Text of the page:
Would you believe that 20,013,741 copies of the Better Homes and Gardens New Cookbook have rolled off the press so far? That's more than any other hardback except the Bible and some dictionaries.
Counting frantically, someone at Meredith Corp., the publisher, snatched the 20 millionth copy out of the stack and yesterday presented it to the Library of Congress.
And there, said Leonard N. Beck of the Rare Book Division, the red-and-white checked volume will surely feel in good company, for the library has one of the greatest collections of cookbooks in the world.
Now, cookbooks come and go. But this one is so famous that we bet you know the tablecloth patterned cover even if you didn't know its name.
"It started in the Depression, in 1930," said Doris Eby, food editor for Better Homes and Gardens. "Originally it was a premium with the magazine. You got it for $1 with two two-year subscriptions."
A year later it made the best-seller lists, and in 1941 it went on the retail market by itself. That was the year a couple of editors, coming back from a department store lunch, spotted the bolt of red-checked gingham on the fabric counter, bought a yard of the stuff and wrapped the book in it.
This must be the most famous square of gingham anywhere. Certainly it is now an officially hallowed swatch of Americana, which is okay, because the changes in that cookbook over the last 48 years are the changes in America.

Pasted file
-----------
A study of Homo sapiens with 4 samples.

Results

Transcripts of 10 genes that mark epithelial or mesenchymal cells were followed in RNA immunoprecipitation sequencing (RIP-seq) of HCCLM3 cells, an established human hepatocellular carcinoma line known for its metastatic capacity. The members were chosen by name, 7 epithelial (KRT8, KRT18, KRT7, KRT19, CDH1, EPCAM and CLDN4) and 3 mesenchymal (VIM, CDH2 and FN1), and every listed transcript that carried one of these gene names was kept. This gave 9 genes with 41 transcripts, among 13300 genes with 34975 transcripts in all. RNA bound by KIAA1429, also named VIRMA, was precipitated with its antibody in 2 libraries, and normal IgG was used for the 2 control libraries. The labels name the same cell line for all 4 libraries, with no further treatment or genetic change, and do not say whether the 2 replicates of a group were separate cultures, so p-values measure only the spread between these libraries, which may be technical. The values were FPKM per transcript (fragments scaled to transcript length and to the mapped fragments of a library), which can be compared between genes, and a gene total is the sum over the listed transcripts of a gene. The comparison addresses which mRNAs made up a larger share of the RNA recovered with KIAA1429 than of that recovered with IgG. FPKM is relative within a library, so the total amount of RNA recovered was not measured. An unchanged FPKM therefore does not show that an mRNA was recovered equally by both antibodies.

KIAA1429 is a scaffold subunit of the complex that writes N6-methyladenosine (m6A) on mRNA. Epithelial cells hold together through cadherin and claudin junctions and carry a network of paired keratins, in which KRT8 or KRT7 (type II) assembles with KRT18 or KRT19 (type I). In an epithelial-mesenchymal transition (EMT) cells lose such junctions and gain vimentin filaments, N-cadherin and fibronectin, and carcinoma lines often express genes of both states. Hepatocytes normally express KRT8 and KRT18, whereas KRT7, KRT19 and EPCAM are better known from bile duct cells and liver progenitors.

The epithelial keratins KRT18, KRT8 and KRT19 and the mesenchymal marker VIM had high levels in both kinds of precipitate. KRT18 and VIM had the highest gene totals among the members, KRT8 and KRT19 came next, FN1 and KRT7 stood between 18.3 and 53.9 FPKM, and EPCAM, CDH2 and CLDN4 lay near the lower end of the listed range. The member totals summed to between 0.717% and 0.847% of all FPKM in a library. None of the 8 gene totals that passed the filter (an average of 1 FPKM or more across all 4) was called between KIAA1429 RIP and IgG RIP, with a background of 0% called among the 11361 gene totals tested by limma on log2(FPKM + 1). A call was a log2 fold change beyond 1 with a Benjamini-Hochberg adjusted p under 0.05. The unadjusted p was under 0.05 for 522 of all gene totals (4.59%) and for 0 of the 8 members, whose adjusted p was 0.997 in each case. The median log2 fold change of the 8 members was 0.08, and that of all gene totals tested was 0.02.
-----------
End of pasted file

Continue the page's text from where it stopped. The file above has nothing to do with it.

"A lot of our early readers were rural," Eby said, "and in fact Meredith's first publication was a magazine called Successful Farming. You won't find Beef Wellington in those early editions -- they didn't have expensive cuts of meat in the Depression." We got hold, not of a first edition, but a 1942 version, its cover brown with age and gravy, its back worn clean off, its pages wrinkled and stained where generations of measuring cups were placed on it.
The index has 13 entries under "Beef." The new edition has 66, including Stroganoff, Fondue, Sauerbraten and Teriyaki. The new book also has a whole section on appliance cooking, which means electric skillets, microwaves, pressure pans and slow crockery. In 1942 the only mechanical tool housewives were expected to have was a hand eggbeater.
"You forget how unsophisticated American cooking was just a few years ago," Eby said. "As late as '65 there was no wine in the recipes. We thought it was daring even to suggest cooking wines. Now there's a wine selection guide."
And a section on freezing. And a section on the metric system. And a section on herbs.
The looseleaf binding, however, is the same as always, plus the page tabs and sleek color photos and the businesslike approach that pares words like a dieter's calories.
One thing's for sure: It's more to the point than the first known cookbook, written in a fine Italian hand by master chef Martino in 1450 and displayed in the library's rare book room.
Now, this is some cookbook, make no mistake. For one thing, it is in great shape physically. As Beck remarked, "There's so much rag in the paper, you could make a shirt from it and wear it."
On the other hand, Martino never does mention quantities of ingredients. And it doesn't even have spaghetti in it. Spaghetti wasn't invented yet.